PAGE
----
Small town paralegal in the city. Once ran a law office, now being run by one. Med mal defense litigation. I think it's growing on me.

Thursday, June 17, 2010

Good People to Know: Records Custodians

Whether you are trying to acquire medical records, city records, or any other type of recorded material, a relationship with the person who protects their distribution can make all the difference in the world.

I have learned that since moving to Memphis, a place where I know very few people. I took it for granted back in Small Town, Alabama, that all records custodians were sugary sweet and eager to help fill my requests. That was Small Town, Alabama; this is Large Metropolitan Area, Tennessee. While I am sure the hospitals back home see their fair share of records requests, Memphis hospitals probably see three times as many.

In my first two months, I have had few successes at quickly retrieving records. With exceptions, most records requests and subpoenas feel like pulling teeth. I may end up with the wrong address or learn that billing records have to be subpoenaed from an entirely different place. I have been told several times that they never received my request, even after re-faxing it. I can't tell you how many times I have heard the phrase, "We're running behind here, and we have two weeks worth of unopened mail to go through."

Thus, it becomes very important to form a relationship with the records custodian. He or she is not going to work any faster or put forth any extra effort for the faceless voice over the phone. However, a few seconds of warm conversation and a couple of thankyousomuches seem to melt even the coldest personalities.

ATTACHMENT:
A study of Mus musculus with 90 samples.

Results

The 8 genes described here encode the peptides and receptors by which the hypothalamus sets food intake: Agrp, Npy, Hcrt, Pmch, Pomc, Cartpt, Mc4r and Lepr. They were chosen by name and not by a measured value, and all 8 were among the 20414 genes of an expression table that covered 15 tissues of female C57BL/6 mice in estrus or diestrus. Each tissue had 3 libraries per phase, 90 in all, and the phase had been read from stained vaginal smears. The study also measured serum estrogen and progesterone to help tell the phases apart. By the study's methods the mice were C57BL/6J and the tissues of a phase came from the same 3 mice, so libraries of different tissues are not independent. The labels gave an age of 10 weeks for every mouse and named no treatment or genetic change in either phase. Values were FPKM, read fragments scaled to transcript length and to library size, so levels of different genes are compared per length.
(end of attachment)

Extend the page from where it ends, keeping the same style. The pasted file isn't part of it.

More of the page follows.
I have taken to writing down names of people to ask for when I inevitably call these places again. It helps to speak to a familiar person, especially when you can remind her of how grateful you were for her help in the past.

When I first moved here, I made a request for records to a hospital system in a completely different region. The first request was sent to the correct (but incomplete) address. I had to send another one. The first custodian I spoke with gave me the complete address and encouraged me to save my firm a little money by requesting the records on CD. I failed to take down his name. The CD came in, but the records were password protected. This seems like a smart idea. It keeps out those who should not be viewing the records. I called the hospital for the password then proceeded to upload the records to my firm's system. I noticed, however, that they remained password protected.

I attempted to change the security on the pdf documents in order to release the password, but this required a new password. Of course when I contacted the hospital, they were unwilling to give me the administrative pass code. I was unable to OCR, bates stamp, or otherwise alter the documents in any way. And I could not remember the name of the guy who had been so helpful when I first called. He may not have been able to give me the password, but perhaps he would have empathized with me when I explained to him that the double password protection would require me to print the 1,000 pages of records anyway and then re-scan them back into the system before anyone else in my firm could access them or process them. The person I ended up speaking with simply did not care that we were in fact wasting paper and defeating the purpose of the paperless system.

So get to know your local records custodians. They hold the keys to the information you need.